SS Mendi – Remembering the South African tragedy of WW1

SS Mendi set sail from Cape Town 100 years ago

She never returned. Neither did most of the men aboard her. They answered the call to defend Britain during WW1 but most never made it. They were taken by the icy waters of the English Channel before they could reach France, their final destination.

We can only guess at the thoughts that entered the minds of so many men, many who had never even seen the ocean, as they boarded that ship to supply desperately needed labour for the British war effort. We know that they did. It is obvious that many must have felt sea sick, as well as homesick during the long sea journey from the Cape, to Lagos, then Sierra Leone & Southampton. They probably formed bonds, fought & made friends with their fellow volunteers. They were the men of the South African Native Labour Corps.

The South African Native Labour Corps was formed to oil the wheels of the war effort. They would offload & distribute supplies, moving food & cargo to ensure servicemen had the goods essential for the many battles of this war to end all wars. They were not alone. People were recruited from China, India & many other countries to meet the labour needs of the Great War.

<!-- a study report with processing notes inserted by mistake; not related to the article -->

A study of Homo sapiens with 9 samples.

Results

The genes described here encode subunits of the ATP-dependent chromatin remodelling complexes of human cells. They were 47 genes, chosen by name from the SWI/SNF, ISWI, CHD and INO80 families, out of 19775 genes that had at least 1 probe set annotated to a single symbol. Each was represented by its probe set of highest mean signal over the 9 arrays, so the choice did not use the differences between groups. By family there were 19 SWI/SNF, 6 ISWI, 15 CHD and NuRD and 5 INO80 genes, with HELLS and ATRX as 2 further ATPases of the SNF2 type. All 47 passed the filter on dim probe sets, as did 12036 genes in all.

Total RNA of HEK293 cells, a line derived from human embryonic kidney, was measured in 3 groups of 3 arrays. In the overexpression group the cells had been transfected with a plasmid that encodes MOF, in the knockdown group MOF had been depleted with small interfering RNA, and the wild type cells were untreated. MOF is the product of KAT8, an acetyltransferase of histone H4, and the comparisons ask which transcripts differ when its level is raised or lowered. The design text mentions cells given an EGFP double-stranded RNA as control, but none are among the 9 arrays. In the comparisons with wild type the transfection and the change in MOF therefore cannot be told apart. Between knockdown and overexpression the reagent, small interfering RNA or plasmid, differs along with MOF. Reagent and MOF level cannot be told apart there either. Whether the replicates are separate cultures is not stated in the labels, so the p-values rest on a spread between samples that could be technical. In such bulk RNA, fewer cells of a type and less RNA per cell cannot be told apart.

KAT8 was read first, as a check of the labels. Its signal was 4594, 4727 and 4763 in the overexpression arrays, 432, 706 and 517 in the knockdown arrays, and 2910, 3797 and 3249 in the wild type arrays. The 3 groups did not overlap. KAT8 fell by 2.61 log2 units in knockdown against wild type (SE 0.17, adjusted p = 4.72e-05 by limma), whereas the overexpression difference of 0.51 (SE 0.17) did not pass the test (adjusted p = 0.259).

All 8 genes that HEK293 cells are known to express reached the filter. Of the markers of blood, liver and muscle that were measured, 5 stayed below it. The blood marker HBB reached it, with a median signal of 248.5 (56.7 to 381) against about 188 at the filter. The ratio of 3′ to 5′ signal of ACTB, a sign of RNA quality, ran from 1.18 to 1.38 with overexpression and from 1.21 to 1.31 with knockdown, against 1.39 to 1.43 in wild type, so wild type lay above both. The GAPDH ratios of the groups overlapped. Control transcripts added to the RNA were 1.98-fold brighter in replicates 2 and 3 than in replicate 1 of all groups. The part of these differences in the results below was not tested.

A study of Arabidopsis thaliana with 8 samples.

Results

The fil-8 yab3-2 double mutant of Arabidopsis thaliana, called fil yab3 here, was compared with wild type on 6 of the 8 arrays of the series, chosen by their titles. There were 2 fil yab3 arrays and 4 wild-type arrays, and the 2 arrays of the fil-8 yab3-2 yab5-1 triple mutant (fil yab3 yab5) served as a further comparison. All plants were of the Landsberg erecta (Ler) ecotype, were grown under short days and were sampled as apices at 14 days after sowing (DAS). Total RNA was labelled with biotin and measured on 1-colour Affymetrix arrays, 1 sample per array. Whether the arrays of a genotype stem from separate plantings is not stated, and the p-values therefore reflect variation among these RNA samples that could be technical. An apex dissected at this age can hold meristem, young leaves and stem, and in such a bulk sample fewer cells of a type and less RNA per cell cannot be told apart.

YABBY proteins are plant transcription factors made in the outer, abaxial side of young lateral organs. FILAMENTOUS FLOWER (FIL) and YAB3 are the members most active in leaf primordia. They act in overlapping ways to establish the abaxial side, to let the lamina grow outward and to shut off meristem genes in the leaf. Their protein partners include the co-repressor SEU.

Many went down with the Mendi on 21 February 1917, after a mail ship twice her size rammed into the men’s sleeping quarters. Only around 200 men were rescued, not by the ship that sank the Mendes, but by the destroyer that escorted her. The rest were engulfed by the water, the vast ocean that many had never even seen before, let alone able to swim in it.

It has been said that the people who couldn’t make it to the lifeboats sang & danced a death dance or drill as the Mendi sank. Some say that’s just a legend that grew through time. I believe they did.